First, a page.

Toronto Raptors May Have Poked The Bear
In three games against the Toronto Raptors, Deron Williams has been employing a wide repertoire of moves, and featuring a particularly strong cross-over. There is a burst to his first step again. And, why not? He's only 29-years old - the middle of his prime.
Since his arrival in New Jersey, then Flatbush, his critics have only grown in number. And, truth be told, Deron Williams has been somewhat of a potential local superstar in suspended animation.
At the moment, knock on wood, ankle problems that caused him to miss 18 games early this season now seem like a distant memory. But, the overall damage his ankles have caused him over recent years, have certainly taken their toll on the way Williams is perceived throughout the league, and most importantly, in greater NYC, and Brooklyn specifically.
Heading into the post season, no one was necessarily doubting Deron Williams' determination, or commitment to playing at a high level. The debate raged instead, over how far he had fallen below elite point guard status.
At the moment, he finally appears to have health on his side again. And, thanks largely to Billy King's maneuverings, Deron Williams also has veteran experience, floor leadership, scoring options, and bench depth all at his disposal.
It seems then, the conditions appear perfectly set for him to finally silence his many naysayers, and once and for all, endear himself to the borough.
Albeit hampered by said ankles, he averaged 14 points and 6.1 assists this past season. But, according to his Per 36-minute averages, he posted 16 points and 7 assists.
On March 15th, the Nets visited the Washington Wizards, and were soundly beaten. The Wizards overcame a 10 point deficit in upending the Nets. Washington was led by PG John Wall, who scored 33 points, issued 6 assists, and also secured 4 rebounds. Wall was 10/15 from the field, 4/6 from 3-point range, and 9/10 from the line. Quite simply, he outplayed Deron Williams, by more than doubling his point output.
Deron Williams played 35 minutes that game, and was limited to just 14 points, with 7 assists and 7 rebounds. He was just 4/14 from the field, 3/7 from beyond the arch, and 4/4 from the stripe. Afterward, Deron became incensed with his performance, and admitted as much numerous times.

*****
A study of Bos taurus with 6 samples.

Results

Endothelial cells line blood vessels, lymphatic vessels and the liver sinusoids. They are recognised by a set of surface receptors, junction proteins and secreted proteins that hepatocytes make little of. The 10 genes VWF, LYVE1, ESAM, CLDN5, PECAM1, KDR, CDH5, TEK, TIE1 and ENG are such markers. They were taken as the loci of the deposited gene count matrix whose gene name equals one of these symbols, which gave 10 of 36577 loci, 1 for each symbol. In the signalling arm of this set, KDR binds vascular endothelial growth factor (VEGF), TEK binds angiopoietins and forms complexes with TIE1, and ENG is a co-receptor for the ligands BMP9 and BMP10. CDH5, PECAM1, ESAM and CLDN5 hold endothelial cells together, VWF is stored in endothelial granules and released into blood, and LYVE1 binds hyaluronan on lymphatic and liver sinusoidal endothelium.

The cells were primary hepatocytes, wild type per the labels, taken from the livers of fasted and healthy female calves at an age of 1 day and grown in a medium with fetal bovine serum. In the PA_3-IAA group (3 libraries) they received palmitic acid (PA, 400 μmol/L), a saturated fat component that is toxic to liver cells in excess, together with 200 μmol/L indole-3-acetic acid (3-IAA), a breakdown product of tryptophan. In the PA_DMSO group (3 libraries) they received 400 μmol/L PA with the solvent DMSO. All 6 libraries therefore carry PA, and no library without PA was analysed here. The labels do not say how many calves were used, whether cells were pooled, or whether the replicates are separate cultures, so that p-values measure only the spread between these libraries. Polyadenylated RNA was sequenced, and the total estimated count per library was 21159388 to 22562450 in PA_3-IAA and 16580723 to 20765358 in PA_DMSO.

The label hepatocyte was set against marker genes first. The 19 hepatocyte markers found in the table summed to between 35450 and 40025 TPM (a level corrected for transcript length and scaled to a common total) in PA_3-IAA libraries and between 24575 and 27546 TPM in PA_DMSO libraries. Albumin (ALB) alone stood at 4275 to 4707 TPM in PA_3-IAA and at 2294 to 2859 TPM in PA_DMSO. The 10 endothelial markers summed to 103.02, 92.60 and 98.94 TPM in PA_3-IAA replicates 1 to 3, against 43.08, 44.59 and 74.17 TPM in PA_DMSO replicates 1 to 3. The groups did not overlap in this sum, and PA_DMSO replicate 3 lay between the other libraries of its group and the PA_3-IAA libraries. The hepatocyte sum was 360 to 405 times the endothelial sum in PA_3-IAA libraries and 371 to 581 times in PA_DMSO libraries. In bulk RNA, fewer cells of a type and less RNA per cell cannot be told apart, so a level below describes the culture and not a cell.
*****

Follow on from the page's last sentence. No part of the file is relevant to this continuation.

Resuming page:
He played his next game with fury, taking out his frustrations in Phoenix, where he torched the Suns for 28 points, on 11/13 shooting from the field. Still upset, he followed by dropping another 25 points on the Bobcats, with 11 points coming in the 4th quarter. He additionally led the floor with 8 assists.
In Deron Williams' final 23 games of the regular season, he averaged 16 points and 7 assists. Over that span, Deron scored 20+ points 6 times - significant because, over his first 40 games of the season spanning October through February, he had only done that 7 times. However, a significant level of anger dissipated from his game sometime between Washington and the final game of the season.
When Friday's game against Toronto started getting physical, Deron Williams took exception to one push too many, and eyeballed a Raptor player or two. It was that moment when the look came back - his anger returned. From it, I believe, evolves a killer instinct - something that has generally lacked in Deron's game, and from last year's entire team for that matter.
In three games against the Raptors, he is averaging 36.6 minutes, 20.3 points, and 5.3 assists. He scored 24 points in Game One, on 8/20 from the field, and 6/6 from the line. In Game Two, he scored 15 points, and issued 5 assists. In Friday's game at Barclays Center, Deron scored 22 points on 7/14 from the field, and issued a game high 8 assists. All this, while effectively outplaying Kyle Lowry.
Statistics aside, in the closing minutes and moments of the first three games, the ball has been placed in the sure hands of Paul Pierce and Kevin Garnett, who won't panic under duress. In Game Three, the ball was placed in Joe Johnson's hands late in the game, and has otherwise carried the team.
But, it is Deron Williams, not the others, who will ultimately define this initial era of Brooklyn basketball. He will be the measure. As he goes, so will the tale. But, without the ball, that may prove difficult.
Last year's playoffs ended quickly for the Nets, not to mention in very disappointing fashion. This time around, and three games into the post-season, he has yet to really seize an endearing moment.
Hopefully, there are many more games to come. At some point, he'll need to make the closing minutes his showcase if he truly wants to make this era his. Deron Williams made the decision to sign and stay in Brooklyn. The time has now come for him to seize the moment.